Brown Widows, Brown Recluses Give Spiders A Bad Name In Alabama


If spiders have a bad reputation in Alabama, it's probably because of brown widows and the brown recluse.  They're two of the few dangerous spiders in the state.

They lurk in dark corners of your home, in your garden, and garage.  The venom from a
brown widow bite is thought to be less dangerous than that of its black widow counterpart, but could still land you in the hospital.

"It causes an irritation, your heart to race. Makes you feel real sick," said Shawn Levie of ATEC Pest Control. "You have mark on your arm leg, a bite mark; at that point you would call a physician and get medical care."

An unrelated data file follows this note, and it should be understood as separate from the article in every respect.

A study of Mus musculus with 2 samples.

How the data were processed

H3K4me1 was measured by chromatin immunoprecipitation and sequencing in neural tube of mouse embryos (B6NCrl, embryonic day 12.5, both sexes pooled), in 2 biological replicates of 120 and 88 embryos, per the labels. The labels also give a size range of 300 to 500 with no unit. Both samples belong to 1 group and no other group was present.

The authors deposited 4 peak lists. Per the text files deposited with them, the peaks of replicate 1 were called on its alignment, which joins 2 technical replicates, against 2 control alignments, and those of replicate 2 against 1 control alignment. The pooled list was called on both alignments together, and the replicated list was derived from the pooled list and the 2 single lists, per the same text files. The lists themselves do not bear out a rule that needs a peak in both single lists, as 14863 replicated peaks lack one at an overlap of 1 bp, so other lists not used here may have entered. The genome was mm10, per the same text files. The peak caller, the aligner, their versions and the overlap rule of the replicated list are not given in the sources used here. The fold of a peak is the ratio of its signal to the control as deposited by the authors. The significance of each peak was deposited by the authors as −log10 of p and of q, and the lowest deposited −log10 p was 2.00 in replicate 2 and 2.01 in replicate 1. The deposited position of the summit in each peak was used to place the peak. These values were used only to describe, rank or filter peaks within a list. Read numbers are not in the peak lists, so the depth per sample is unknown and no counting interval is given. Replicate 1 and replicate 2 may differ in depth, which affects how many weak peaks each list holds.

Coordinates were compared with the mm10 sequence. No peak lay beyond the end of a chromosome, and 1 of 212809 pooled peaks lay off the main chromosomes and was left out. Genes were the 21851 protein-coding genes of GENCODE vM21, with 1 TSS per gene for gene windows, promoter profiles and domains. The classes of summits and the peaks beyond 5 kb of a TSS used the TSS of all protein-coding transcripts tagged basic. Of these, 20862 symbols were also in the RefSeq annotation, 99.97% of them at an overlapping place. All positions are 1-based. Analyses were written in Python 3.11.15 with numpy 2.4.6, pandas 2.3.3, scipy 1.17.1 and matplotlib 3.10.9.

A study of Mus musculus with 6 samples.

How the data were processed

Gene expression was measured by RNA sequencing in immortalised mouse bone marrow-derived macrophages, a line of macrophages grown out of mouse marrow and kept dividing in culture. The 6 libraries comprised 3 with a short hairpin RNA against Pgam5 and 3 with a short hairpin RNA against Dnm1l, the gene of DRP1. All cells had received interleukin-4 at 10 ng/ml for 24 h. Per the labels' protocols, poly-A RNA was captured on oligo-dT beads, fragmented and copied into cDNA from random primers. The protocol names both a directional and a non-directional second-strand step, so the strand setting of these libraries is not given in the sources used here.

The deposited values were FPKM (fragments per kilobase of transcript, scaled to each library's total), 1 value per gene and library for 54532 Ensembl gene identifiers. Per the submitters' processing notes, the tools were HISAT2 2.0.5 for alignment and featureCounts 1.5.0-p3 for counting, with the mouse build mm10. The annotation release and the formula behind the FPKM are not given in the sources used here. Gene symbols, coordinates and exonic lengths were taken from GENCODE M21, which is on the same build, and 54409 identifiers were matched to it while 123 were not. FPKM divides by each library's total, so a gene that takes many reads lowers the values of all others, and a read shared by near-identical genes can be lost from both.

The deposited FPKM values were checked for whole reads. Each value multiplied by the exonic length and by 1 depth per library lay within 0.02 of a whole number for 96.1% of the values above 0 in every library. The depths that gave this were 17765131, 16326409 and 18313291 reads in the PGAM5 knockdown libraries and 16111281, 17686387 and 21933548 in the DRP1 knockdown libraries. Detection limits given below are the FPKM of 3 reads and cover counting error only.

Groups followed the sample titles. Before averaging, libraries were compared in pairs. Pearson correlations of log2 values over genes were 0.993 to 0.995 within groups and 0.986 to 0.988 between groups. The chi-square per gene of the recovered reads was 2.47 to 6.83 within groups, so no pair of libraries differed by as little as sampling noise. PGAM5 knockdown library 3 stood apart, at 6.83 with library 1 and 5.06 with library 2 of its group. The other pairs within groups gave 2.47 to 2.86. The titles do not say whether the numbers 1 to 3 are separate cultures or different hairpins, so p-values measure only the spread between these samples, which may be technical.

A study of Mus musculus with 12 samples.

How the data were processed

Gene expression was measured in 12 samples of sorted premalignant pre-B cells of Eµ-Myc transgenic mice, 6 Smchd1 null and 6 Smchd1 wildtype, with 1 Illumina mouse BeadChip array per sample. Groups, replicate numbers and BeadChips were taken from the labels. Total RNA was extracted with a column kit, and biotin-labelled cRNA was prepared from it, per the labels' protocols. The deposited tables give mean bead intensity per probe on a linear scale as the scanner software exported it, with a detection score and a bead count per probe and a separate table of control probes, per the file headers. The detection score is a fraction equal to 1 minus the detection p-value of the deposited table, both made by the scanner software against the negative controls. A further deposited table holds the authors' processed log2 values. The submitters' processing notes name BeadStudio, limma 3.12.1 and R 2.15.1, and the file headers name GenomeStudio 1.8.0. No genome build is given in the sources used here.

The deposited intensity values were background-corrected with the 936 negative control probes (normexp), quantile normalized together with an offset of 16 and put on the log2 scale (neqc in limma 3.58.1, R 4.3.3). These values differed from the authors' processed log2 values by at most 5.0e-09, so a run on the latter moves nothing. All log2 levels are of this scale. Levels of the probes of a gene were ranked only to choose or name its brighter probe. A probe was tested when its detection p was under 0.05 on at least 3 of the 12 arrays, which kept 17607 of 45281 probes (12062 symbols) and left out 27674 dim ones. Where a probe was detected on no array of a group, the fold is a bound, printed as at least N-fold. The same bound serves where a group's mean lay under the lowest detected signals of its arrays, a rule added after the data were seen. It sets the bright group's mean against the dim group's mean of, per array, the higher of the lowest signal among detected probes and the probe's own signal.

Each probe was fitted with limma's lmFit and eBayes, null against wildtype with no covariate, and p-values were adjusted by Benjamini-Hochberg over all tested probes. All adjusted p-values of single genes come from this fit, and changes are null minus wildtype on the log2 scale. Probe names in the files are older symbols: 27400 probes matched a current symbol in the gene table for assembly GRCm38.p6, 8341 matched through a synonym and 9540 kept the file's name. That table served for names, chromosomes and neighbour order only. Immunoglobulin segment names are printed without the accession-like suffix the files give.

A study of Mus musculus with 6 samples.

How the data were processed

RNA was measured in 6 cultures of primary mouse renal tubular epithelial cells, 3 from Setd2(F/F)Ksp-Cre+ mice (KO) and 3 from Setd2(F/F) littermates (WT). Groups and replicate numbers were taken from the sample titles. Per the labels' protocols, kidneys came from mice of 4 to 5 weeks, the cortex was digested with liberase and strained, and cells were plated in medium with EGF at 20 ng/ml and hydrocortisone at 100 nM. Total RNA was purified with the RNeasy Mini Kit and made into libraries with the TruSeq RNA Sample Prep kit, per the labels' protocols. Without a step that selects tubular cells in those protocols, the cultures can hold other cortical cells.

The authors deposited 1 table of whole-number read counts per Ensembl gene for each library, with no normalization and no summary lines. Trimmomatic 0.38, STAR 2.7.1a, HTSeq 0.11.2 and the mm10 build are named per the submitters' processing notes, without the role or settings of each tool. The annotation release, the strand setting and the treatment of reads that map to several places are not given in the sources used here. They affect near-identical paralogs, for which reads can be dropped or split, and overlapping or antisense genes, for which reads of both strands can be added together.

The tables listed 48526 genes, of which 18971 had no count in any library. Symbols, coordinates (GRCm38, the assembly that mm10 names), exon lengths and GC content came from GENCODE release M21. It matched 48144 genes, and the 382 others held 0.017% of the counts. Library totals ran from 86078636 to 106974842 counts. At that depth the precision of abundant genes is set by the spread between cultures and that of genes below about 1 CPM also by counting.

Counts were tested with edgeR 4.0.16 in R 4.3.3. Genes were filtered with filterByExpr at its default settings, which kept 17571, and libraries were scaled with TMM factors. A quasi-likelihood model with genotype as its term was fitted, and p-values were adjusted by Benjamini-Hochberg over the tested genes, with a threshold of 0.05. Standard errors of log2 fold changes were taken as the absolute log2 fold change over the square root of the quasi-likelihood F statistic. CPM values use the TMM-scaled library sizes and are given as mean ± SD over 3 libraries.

You can spot a brown widow by the orange or red hourglass formation on its abdomen.
As for the brown recluse, you might not be able to spot one at all, unless you catch it in a trap.

"[A] brown recluse would have a fiddle on its back," said Levie. "Long legs, as it says it's recluse most of the time -- you're not going to see it walking around the house."

In some cases, a brown recluse bite can be potentially deadly.  They start out looking like a bullseye.  The recluse's venom kills the skin around the bite, eventually resulting in an open wound that won't easily heal.

"Right now I'd be wary of the brown recluse," said Levie.

One pest control company says their staff has treated 15 homes for brown recluse spiders in just the past two weeks.

Also, none of these spiders will just jump out and attack.  The bites usually occur when you stick your hand in a box they've inhabited or they get caught in your clothes.